BioMar wins court fight to produce smoltification feed
A legal bid by fish health products provider STIM to ban the sale of feed producer BioMar’s Intro Tuning has been denied. The Norwegian courts have found that BioMar’s smoltification feed does not infringe STIM’s patent for its SuperSmolt system and the production and sale will continue as normal.
In a press release, BioMar stated that in July, STIM submitted a request to the Norwegian courts stating that BioMar should be prohibited from the sale of its smoltification feed Intro Tuning. According to STIM, the feed violated a new European patent that STIM had recently been granted.
The Oslo County Court held hearings in the case the first week in November. A decision was handed down by the court on December 8 concluding that BioMar’s feed Intro Tuning does not infringe STIM’s patent.
Very happy with outcome
STIM’s demand that a ban be imposed on the sale of Intro Tuning was rejected. This means that the production and sales of Intro Tuning will continue as before. The decision by the Oslo Country Court can be appealed, however an expiration deadline was set for the second half of January 2021.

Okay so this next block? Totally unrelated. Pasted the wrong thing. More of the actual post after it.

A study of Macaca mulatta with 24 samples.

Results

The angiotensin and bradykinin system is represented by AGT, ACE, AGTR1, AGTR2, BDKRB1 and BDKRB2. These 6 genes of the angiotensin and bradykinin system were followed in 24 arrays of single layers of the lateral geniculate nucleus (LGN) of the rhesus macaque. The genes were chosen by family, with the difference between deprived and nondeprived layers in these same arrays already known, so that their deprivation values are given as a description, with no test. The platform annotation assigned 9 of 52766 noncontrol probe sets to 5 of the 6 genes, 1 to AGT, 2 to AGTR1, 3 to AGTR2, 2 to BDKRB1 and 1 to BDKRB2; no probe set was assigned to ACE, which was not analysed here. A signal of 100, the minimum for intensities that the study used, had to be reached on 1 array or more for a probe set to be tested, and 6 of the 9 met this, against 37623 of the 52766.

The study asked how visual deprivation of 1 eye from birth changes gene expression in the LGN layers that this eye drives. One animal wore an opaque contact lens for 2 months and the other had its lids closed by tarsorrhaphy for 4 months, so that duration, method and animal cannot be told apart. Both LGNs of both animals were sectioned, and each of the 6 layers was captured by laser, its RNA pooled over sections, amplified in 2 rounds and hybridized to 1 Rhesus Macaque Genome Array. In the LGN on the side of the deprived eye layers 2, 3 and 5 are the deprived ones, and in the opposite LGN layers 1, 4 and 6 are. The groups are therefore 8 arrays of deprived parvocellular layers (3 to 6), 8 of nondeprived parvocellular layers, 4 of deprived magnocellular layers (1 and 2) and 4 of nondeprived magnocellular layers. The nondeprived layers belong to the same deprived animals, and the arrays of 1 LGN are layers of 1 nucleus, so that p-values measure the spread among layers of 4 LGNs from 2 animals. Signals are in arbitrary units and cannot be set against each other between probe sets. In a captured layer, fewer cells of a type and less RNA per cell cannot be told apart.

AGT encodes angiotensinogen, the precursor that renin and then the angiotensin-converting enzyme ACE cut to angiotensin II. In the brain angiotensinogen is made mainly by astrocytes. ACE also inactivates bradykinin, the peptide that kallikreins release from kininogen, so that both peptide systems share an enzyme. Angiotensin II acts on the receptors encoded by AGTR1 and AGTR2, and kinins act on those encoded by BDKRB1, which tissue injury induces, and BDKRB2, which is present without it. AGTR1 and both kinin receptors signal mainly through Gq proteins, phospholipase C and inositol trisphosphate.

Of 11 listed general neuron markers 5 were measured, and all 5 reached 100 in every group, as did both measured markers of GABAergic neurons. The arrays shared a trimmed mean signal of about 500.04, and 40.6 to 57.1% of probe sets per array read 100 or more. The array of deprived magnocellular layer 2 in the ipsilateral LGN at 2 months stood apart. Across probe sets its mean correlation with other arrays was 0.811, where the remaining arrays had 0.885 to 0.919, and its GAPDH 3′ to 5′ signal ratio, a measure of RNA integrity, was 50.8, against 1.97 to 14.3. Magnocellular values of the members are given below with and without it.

“We are very happy with the outcome of this case. The decision from the court is in accordance with the European Patent Office's (EPO) understanding of STIM's patent, and thus as expected,” said Håvard Jørgensen, managing director of BioMar Norway.
“This decision means that fish farmers can continue to choose feed from our product portfolio that promotes growth and health during smoltification and transfer to seawater.”
STIM, formerly Europharma, developed its SuperSmolt Feed Only product to improve the consistency of smoltification under constant light.
This week’s court decision is the latest skirmish in a long-running fight between STIM and competing feed producers, who have produced their own smoltification products.
In March this year, Oslo District Court ruled that BioMar had copied SuperSmolt FeedOnly and sold the copy feed under the name Intro Tuning, and had breached Norway’s Marketing Act in the process. BioMar was ordered to pay NOK 16.5 million in compensation, plus costs. And in July the European Patent Office expanded the patent rights held by STIM.
‘Importance of R&D’
STIM chief executive Jim-Roger Nordly said at the time: “SuperSmolt Feed Only has unique qualities, so we can understand that others might be tempted to look to our solutions, but we are happy that both the court system as well as EPO concludes that these rights belong to us.
“I truly hope and believe that we no longer need to spend our time and resources in order to defend that. The decision by EPO is a victory for everyone that believes in the importance of research and development.”